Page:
First bachelor-level course in Chinese food launched
The Vocational Training Council will launch its first bachelor-level course in Chinese food – covering everything from cooking to managing a restaurant – next September, a council executive said on Tuesday.
Leung Yam-shing, the VTC’s senior assistant executive director, said: “There has been a need for systemic management expertise in the field. The industry has been looking for highly trained, highly educated people to enter the field, [but] there is no such supply at the moment.”
He said the full-time programme was developed to meet the growing need for a more modern approach in enterprises traditionally run as family business and small kitchens. The demand for practical and administrative skills – and better-run restaurants – is worldwide, as the cuisine’s popularity continues to grow.
The four-year programme will be the VTC’s first full-time degree course specialising in Chinese cuisine. Some of the courses will be taught at the school’s International Cuisine College in Pok Fu Lam, when its construction is completed.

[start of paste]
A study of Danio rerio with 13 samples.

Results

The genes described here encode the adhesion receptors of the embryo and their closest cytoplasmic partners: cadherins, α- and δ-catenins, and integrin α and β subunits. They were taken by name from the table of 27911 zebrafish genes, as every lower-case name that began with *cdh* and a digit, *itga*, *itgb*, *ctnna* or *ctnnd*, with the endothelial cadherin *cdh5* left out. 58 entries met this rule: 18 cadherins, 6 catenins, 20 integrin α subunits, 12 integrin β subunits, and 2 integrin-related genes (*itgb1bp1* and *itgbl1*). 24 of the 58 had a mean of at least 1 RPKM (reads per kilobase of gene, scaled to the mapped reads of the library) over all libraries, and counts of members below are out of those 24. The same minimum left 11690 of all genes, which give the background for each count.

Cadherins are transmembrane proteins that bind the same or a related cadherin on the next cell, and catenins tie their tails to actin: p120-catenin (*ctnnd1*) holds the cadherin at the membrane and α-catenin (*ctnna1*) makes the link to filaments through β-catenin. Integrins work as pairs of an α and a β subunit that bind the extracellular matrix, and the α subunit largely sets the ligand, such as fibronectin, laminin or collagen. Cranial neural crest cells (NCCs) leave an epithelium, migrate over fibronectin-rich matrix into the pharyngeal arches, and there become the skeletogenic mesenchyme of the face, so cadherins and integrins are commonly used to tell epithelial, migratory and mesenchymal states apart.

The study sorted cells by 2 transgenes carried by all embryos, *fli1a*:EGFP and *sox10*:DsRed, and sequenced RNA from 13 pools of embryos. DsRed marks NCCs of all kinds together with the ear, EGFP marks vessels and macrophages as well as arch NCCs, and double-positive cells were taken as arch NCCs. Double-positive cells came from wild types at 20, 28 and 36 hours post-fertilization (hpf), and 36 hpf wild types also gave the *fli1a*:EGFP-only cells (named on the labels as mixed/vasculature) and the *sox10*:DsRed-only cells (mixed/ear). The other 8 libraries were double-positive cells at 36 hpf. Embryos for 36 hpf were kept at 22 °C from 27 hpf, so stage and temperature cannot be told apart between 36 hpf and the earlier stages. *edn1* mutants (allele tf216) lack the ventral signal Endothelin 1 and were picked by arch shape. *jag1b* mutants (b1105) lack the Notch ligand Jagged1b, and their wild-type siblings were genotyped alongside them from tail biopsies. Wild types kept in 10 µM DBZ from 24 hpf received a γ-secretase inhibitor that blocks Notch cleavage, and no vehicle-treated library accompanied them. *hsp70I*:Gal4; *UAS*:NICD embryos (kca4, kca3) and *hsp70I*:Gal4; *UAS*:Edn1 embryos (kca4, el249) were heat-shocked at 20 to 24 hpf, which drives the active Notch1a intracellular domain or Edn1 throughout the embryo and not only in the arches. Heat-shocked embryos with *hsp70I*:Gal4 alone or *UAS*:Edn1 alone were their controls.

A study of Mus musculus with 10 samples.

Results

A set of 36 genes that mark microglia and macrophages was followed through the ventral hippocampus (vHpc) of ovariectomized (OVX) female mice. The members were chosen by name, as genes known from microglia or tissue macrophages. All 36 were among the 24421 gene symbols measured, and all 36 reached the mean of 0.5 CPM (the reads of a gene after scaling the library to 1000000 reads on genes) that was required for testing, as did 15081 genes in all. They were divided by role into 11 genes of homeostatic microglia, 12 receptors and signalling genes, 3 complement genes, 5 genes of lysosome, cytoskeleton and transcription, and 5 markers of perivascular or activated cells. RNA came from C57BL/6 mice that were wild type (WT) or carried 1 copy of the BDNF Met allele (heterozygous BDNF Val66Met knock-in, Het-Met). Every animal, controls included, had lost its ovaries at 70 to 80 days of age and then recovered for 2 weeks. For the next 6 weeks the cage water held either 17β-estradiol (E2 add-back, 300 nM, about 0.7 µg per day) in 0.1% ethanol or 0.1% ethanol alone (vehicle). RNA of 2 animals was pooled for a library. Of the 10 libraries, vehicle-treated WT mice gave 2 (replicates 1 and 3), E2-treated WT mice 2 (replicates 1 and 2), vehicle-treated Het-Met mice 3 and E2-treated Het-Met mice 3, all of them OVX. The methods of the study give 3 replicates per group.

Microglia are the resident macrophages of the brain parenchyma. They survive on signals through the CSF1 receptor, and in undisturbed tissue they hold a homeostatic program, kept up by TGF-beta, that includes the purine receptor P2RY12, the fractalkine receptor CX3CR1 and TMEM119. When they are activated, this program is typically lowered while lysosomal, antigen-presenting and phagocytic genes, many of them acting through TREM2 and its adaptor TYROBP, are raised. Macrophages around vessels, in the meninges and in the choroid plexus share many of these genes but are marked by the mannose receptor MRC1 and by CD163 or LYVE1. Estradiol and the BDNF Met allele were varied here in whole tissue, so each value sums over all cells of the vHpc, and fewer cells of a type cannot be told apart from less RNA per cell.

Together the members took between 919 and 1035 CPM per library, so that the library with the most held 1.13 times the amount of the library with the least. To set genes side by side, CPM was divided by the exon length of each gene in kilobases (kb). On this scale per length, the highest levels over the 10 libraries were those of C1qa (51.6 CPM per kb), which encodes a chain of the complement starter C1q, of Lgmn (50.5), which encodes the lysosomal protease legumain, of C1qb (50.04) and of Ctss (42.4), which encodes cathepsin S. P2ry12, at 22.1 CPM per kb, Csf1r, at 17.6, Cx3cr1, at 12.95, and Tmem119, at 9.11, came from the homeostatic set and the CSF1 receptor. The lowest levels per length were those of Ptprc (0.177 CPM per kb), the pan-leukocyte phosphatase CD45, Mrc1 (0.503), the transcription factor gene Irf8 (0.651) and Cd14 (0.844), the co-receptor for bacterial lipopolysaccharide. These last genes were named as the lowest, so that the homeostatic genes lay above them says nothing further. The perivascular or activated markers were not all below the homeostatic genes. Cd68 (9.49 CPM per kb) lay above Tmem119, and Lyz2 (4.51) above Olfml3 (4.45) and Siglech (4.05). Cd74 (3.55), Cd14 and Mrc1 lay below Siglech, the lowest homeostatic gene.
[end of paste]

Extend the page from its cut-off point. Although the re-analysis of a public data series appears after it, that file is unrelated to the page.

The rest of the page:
The course will be taught mainly in English. The school has been faulted in the past for teaching only in Chinese.
The school expects to accept 30 to 60 students in the first enrolment exercise, which began at the beginning of this month.
Other than the International Cuisine College, the VTC has developed two other schools specialising in catering and hospitality – the Chinese Cuisine Training Institute, and the Hospitality Industry Training and Development Centre – which offer diploma-level courses in catering and hospitality.
Former chief executive Donald Tsang Yam-kuen set out a plan, during his tenure to develop the city into a hub for talent in areas where it has strengths, including catering and hospitality services.
A VTC spokeswoman said the tuition fee for the course has not been decided, but the fee for other four-year bachelor’s degree programmes ranged from HK$260,000 to HK$300,000 for the current academic year.